Making it to Washington was the real challenge for some of the 163 teams from around the world.
As the inaugural FIRST Global Challenge – a STEM exposition featuring teenagers from 157 countries – wound down Tuesday evening in Washington, a deafening roar took over DAR Constitution Hall as more than 150 countries’ flags waved in the air during a closing ceremony that celebrated collaboration, innovation and engineering excellence.
It made no difference which team’s name was called: Hundreds of students and mentors from the 163 teams cheered just as loudly for their competitors as they did for their allies. Over the past few months, each team built a robot based on the same kit and then brought it to the July 16-18 FIRST Global Challenge, which had a water security theme. The nonprofit FIRST was founded by Dean Kamen, inventor of the Segway, to promote global collaboration in science, technology, engineering and math.
The friendly atmosphere at the “Robotic Olympics” made it clear that organizers and teams alike viewed the event as a challenge rather than a competition. For some, half of that challenge was getting to the nation’s capital.
Afghanistan’s team made headlines this month when its visa requests were denied twice and the group almost missed the competition, until President Donald Trump intervened last week to urge State Department authorities to reconsider. The five girls were granted entry to the U.S. less than a week before the competition, leaving the team to scramble to find flights and plan the trip, team mentor Alireza Mehraban said. Still, he said they were relieved when they heard they’d be allowed to attend the competition after all.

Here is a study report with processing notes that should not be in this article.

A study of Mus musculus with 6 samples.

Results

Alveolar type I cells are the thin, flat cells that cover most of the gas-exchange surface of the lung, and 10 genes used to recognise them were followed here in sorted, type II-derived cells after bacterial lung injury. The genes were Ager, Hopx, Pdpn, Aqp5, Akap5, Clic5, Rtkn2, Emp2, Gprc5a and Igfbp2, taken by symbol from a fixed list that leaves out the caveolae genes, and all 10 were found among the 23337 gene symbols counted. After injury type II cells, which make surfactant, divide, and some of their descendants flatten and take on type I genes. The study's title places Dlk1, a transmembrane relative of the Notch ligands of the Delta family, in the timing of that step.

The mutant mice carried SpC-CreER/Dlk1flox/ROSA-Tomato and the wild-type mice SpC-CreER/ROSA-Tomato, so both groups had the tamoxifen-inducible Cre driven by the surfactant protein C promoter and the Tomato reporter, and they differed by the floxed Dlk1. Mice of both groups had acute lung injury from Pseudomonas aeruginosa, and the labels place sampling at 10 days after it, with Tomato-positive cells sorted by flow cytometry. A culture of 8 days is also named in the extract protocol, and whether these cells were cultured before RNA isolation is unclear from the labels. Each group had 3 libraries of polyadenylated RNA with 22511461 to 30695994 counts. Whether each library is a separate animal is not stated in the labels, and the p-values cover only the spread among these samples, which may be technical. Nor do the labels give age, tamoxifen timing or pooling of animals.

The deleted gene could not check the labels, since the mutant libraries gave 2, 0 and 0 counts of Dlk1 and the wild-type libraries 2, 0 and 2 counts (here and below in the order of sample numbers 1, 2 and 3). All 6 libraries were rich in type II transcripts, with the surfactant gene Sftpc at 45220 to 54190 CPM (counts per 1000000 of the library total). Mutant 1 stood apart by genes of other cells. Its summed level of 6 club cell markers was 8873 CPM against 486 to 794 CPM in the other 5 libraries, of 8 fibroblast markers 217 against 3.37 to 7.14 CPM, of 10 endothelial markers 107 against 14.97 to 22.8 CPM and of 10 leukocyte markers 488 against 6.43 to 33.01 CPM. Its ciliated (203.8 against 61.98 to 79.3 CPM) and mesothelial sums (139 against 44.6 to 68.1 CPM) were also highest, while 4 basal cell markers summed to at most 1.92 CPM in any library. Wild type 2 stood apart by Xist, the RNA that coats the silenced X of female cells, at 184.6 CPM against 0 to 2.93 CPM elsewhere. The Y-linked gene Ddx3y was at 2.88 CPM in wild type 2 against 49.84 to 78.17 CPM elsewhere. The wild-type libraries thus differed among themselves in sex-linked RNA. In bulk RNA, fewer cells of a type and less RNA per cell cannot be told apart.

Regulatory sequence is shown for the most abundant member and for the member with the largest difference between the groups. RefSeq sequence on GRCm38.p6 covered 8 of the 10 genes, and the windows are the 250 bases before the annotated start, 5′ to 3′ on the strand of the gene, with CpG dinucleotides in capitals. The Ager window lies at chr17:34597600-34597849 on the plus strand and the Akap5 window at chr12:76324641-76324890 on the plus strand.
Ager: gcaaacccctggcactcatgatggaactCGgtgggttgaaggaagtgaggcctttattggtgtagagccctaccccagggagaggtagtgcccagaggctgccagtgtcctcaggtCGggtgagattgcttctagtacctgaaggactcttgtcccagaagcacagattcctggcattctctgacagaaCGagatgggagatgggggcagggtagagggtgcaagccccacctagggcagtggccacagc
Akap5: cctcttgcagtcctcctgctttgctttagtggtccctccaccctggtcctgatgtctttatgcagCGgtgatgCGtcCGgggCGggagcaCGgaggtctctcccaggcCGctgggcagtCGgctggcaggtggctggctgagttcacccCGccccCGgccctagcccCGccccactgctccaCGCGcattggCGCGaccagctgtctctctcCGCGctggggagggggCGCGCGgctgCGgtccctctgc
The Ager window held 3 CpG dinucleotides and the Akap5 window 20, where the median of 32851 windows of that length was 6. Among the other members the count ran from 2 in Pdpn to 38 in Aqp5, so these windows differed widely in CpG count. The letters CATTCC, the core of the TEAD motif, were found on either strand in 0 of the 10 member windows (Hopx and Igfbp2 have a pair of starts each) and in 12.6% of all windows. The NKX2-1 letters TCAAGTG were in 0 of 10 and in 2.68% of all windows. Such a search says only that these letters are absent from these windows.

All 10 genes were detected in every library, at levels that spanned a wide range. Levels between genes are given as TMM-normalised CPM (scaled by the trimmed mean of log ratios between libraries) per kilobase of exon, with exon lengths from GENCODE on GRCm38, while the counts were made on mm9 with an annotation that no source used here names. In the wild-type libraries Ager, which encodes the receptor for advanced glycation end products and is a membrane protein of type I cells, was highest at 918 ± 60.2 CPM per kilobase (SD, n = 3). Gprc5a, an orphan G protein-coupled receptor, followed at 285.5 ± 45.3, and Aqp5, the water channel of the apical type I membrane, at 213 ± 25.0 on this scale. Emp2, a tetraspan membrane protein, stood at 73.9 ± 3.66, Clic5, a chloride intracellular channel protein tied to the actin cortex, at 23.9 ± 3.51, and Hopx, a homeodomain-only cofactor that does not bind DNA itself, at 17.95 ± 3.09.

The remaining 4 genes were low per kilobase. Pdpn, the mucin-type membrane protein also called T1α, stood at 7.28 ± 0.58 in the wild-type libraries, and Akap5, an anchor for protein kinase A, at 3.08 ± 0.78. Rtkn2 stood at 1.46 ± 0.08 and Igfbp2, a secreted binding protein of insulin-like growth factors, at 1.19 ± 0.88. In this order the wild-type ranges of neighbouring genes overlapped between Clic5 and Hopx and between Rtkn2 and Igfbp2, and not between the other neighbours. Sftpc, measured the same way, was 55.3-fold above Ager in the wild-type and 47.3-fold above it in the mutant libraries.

The Afghan girls, who won a silver medal for courageous achievement during the awards ceremony (the gold went to South Sudan), were not the only team that overcame barriers to compete at the FIRST Global Challenge.
The Gambian team, made up of two girls and three boys, was also initially denied entry to the U.S., but ended up making its way to Washington. Team member Fatoumata Ceesay said they continued working on their robot while they waited in limbo, unsure if the State Department would reverse its decision.
The refusal rate for temporary visas into the U.S. was about 74 percent for those coming from Afghanistan and about 70 percent for Gambia in 2016, according to State Department statistics.
“I truly believe our greatest power is the power to convene nations, to bring people together in the pursuit of a common goal and prove that our similarities greatly outweigh our differences,” FIRST Global President Joe Sestak, a former congressman and U.S. Navy admiral, said in a July 12 statement. “That is why I am most grateful to the U.S. government and its State Department for ensuring Afghanistan, as well as Gambia, would be able to join us for this international competition this year.”
Continue onto U.S. News & World Report to read more about the Global STEM competition.